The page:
It will take years for Sonoma County to get past, life before and after the Sonoma Complex Fire. There are heartwarming stories, and those of narrow escape and of heroism. One such reflection is the community we live in and the cause dispirit therein. Jennifer Taylor of Petaluma told me of the mass immigration of evacuees during the first few days after the fires began. Petalumans were tripping over survivors, “They were everywhere, and people here responded by setting up shelters, getting others to donate time and resources to keep them safe, fed and sheltered. It would have been easy to get angry at so many people invading, instead Petaluma took them in with open arms. There was no regard for race or other differences. I’m really proud of that.”
So is the rest of our county, Jennifer. It is times like this that the stuff we are really made of comes out.
There is a significant rain storm forecast for the weekend. It may be enough to spur the growth of the first mushrooms of the season. Plan to go out, in some cases go ‘in’ to braces of pine and oak, good quality edibles can be had right here for the next several months. Keep in mind the strong advice of mushroom clubs, ‘When in doubt throw it out’. If you are new to the sport join one of the mushroom clubs and go with them into the field. There are many reasons to pursue mushrooms besides the table. They can be amazingly beautiful, exotic and otherworldly. Finding them is a delight and a great way to get outdoors during stormy weather. Many pursue fungi for photography, to see some of photos, go to: mykoweb.com and surf through the species lists. You will also find on the website comprehensive details on specific fungi including edibility. Never rely solely on a photograph to determine edibility, unless you hate your liver. Mushrooms can also be used to dye fabric.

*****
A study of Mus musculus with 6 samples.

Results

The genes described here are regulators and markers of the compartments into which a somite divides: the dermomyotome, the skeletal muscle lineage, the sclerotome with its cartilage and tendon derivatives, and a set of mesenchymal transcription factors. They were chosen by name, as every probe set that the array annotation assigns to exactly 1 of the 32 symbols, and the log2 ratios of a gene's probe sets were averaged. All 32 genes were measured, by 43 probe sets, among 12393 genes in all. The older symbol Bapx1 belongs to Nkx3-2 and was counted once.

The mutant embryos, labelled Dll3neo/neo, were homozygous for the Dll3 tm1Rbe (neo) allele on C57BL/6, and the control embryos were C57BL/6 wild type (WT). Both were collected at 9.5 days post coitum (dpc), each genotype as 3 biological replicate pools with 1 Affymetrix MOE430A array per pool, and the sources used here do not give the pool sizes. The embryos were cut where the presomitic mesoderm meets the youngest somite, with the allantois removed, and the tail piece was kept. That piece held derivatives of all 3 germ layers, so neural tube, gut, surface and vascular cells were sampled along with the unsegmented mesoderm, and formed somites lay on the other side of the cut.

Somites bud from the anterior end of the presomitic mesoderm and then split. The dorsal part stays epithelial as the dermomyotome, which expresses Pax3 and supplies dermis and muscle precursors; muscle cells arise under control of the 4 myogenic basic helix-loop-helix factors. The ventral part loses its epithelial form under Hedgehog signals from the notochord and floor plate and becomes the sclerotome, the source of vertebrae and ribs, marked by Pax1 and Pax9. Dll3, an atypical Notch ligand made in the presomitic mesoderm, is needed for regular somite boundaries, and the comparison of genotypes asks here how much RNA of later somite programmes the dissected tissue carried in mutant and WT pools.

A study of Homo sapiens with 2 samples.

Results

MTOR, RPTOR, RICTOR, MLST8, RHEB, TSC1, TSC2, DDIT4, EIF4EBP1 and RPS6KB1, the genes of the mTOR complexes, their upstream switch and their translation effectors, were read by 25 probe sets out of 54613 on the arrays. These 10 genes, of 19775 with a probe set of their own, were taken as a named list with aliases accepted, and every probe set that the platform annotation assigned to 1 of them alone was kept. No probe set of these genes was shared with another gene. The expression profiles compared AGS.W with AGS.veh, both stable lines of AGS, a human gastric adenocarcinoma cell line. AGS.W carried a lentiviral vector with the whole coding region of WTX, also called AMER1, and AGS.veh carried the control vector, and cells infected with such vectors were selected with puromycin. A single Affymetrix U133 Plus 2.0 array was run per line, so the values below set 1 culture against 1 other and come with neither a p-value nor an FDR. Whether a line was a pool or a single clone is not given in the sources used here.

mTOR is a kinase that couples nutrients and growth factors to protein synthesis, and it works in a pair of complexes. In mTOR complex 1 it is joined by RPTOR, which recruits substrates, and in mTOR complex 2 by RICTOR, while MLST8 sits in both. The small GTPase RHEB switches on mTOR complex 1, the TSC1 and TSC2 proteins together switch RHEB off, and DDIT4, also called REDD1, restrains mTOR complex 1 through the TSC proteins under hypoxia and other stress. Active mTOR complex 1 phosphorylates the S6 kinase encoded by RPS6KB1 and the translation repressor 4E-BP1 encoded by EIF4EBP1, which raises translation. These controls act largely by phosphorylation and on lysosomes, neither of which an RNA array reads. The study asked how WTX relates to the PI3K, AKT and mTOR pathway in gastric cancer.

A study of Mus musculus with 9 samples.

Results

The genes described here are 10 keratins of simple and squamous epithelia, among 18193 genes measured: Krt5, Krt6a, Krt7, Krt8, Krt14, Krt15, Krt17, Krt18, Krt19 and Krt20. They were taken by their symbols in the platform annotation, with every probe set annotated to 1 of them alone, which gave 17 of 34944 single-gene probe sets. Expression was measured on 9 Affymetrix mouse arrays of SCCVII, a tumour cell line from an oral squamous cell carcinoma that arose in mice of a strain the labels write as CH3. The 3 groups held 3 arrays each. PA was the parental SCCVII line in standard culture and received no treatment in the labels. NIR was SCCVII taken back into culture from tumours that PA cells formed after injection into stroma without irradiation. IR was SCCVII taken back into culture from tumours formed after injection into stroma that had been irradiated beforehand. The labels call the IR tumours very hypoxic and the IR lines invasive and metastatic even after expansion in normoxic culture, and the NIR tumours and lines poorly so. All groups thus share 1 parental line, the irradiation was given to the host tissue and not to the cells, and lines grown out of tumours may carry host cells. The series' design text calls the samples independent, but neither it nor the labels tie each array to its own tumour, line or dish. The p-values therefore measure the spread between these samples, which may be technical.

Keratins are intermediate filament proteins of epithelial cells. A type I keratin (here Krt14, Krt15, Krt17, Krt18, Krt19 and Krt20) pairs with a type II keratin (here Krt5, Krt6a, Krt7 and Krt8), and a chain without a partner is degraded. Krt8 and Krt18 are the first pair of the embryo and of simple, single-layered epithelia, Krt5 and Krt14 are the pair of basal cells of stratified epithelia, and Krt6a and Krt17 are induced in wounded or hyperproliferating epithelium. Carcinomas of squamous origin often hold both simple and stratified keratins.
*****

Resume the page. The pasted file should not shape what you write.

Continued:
Dorothy Beebee of Forestville has written extensively about the sport of mushrooms as dye. She has an entire rainbow of colors in yarn on display. Some people give mushrooms a mystical purpose with heady references to the healing powers of mushrooms and fungi. Others have come to the sport with the attitude, ‘I just want to get high!’ there is usually a table for them to visit as well.
Bill Hanson is a Sonoma County native and a lifelong sportsman. He is the former president of the Sonoma County Mycological Association. Look for his column in The Community Voice each week.